Your IRA Estate Plan
Planning for the treatment of your IRA at your death should include more than filling out the beneficiary form. You should consider ways to leverage your IRA account to even greater wealth by the way you pass it to your spouse or heirs. You can keep more money in the hands of your heirs and out of the hands of the IRS with proper planning.
It is critical to understand that your IRA will pass to your heirs differently than other assets. A common mistake is to believe that your IRA will be controlled by your will or trust. That is not necessarily the case. Your IRA will pass to whomever you have named on your beneficiary designation form on file with the IRA administrator regardless of what your will or trust says. The contract you have with the IRA administrator will override your will or trust.
The same is true for all property that passes by beneficiary designations. Bank accounts, life insurance, annuities, and retirement accounts (such as 401(k)s and IRAs) are common assets that pass outside your will or trust as you have instructed on your beneficiary designation form. If these types of assets represent a large portion of your estate, then your beneficiary forms become a critical part of your estate plan.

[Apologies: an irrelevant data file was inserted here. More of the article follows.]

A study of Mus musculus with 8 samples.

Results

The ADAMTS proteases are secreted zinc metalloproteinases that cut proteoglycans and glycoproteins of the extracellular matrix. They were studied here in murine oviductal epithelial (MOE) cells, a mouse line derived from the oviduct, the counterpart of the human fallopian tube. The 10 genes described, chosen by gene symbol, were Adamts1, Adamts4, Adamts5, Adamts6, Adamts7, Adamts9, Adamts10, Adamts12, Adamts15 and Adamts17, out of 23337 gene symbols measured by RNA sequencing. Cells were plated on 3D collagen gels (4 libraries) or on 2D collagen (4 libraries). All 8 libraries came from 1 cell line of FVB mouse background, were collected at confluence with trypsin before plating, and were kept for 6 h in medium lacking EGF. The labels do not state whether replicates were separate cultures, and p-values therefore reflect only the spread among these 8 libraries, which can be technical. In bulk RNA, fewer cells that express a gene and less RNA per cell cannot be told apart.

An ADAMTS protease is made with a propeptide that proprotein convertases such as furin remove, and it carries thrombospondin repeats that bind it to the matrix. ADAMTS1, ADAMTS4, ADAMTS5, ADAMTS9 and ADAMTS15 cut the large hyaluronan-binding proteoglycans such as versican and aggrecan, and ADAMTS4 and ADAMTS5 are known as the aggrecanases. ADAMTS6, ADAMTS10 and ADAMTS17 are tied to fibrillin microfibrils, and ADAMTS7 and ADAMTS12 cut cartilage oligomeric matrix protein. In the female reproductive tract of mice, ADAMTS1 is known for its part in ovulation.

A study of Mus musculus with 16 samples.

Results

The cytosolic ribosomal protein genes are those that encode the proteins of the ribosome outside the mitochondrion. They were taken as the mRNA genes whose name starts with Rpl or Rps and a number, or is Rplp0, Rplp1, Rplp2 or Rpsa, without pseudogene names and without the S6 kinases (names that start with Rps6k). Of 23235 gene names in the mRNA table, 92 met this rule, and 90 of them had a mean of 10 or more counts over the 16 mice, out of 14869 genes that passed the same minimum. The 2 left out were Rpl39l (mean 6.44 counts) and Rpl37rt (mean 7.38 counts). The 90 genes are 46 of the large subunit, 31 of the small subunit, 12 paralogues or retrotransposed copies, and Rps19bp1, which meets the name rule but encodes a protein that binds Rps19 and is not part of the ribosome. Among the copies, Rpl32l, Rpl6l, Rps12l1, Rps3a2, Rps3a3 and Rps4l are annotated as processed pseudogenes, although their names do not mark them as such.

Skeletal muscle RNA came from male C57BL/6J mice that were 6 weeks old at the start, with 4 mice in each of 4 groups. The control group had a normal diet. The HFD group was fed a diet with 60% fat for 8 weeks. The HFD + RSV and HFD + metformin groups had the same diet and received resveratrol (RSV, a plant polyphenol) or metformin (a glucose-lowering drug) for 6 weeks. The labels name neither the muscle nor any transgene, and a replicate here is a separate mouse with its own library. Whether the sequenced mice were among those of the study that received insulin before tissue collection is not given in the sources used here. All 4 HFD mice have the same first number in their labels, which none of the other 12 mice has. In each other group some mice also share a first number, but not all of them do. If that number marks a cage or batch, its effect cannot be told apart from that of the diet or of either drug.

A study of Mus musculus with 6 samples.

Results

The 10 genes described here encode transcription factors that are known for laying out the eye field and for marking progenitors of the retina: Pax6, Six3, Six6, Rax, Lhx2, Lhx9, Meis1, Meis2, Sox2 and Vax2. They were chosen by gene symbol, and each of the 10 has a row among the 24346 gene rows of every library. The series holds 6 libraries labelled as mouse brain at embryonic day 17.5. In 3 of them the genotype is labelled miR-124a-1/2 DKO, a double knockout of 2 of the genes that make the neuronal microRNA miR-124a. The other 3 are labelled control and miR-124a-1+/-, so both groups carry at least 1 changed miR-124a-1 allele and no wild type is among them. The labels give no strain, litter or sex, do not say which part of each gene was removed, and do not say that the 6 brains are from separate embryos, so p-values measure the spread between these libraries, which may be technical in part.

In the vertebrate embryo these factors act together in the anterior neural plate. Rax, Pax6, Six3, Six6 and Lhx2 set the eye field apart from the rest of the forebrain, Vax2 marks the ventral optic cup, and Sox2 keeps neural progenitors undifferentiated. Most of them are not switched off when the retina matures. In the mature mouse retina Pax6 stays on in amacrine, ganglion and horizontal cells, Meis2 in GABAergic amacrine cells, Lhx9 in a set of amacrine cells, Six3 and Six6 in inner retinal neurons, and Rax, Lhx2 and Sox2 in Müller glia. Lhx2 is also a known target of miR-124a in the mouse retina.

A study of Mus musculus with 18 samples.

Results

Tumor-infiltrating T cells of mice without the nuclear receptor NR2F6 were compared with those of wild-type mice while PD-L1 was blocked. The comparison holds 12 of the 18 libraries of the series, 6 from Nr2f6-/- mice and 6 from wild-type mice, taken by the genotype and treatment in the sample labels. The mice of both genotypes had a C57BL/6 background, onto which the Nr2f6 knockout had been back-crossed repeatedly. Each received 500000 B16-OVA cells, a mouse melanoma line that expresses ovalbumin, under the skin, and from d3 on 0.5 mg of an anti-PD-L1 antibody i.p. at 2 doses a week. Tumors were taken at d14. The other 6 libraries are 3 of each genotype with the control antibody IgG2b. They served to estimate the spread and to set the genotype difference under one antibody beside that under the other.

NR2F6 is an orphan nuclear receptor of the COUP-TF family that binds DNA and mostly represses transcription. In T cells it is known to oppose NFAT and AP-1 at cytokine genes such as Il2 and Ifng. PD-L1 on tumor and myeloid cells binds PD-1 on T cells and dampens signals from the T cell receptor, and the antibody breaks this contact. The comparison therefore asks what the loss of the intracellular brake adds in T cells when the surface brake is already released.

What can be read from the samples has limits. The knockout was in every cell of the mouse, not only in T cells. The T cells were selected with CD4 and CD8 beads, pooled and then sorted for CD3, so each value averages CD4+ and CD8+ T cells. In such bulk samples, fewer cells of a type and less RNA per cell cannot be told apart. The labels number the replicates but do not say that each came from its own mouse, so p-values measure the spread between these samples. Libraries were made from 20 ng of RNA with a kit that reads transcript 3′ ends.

The tax laws generally have three types of beneficiaries with different tax treatments: your spouse, non-spouse individuals, and entities (such as certain trusts, your estate, businesses and charities). Spouses receive the best tax treatment with the most flexibility in dealing with your IRA. Non-spouse individuals can also have great flexibility if they are properly designated as your beneficiary. Often the spouse and non-spouse individuals can allow your IRA to continue compounding on a tax deferred basis with proper planning.
A trust can also be named as the beneficiary of your IRA, but doing so has tax consequences that should be considered as part of your plan. Sometimes a trust is the proper beneficiary because you have minor children, a disabled or dependent child, or for some other reason there is a need for someone else to manage a person’s portion of the IRA. A trust may also give direction about how the funds should be used after your death.
A “stretch IRA” describes a named beneficiary’s ability to spread required distributions over the life expectancy of the beneficiary. The only requirement is that an individual beneficiary is named as a designated beneficiary on the IRA. This can also be accomplished using trusts if done properly on the designation beneficiary form. This will allow your beneficiary to leave the money in the IRA longer, and achieve continued growth on a tax-deferred basis.
There are other aspects that should be considered when preparing your will, trust, and other estate planning documents. The implications are too important to leave to chance.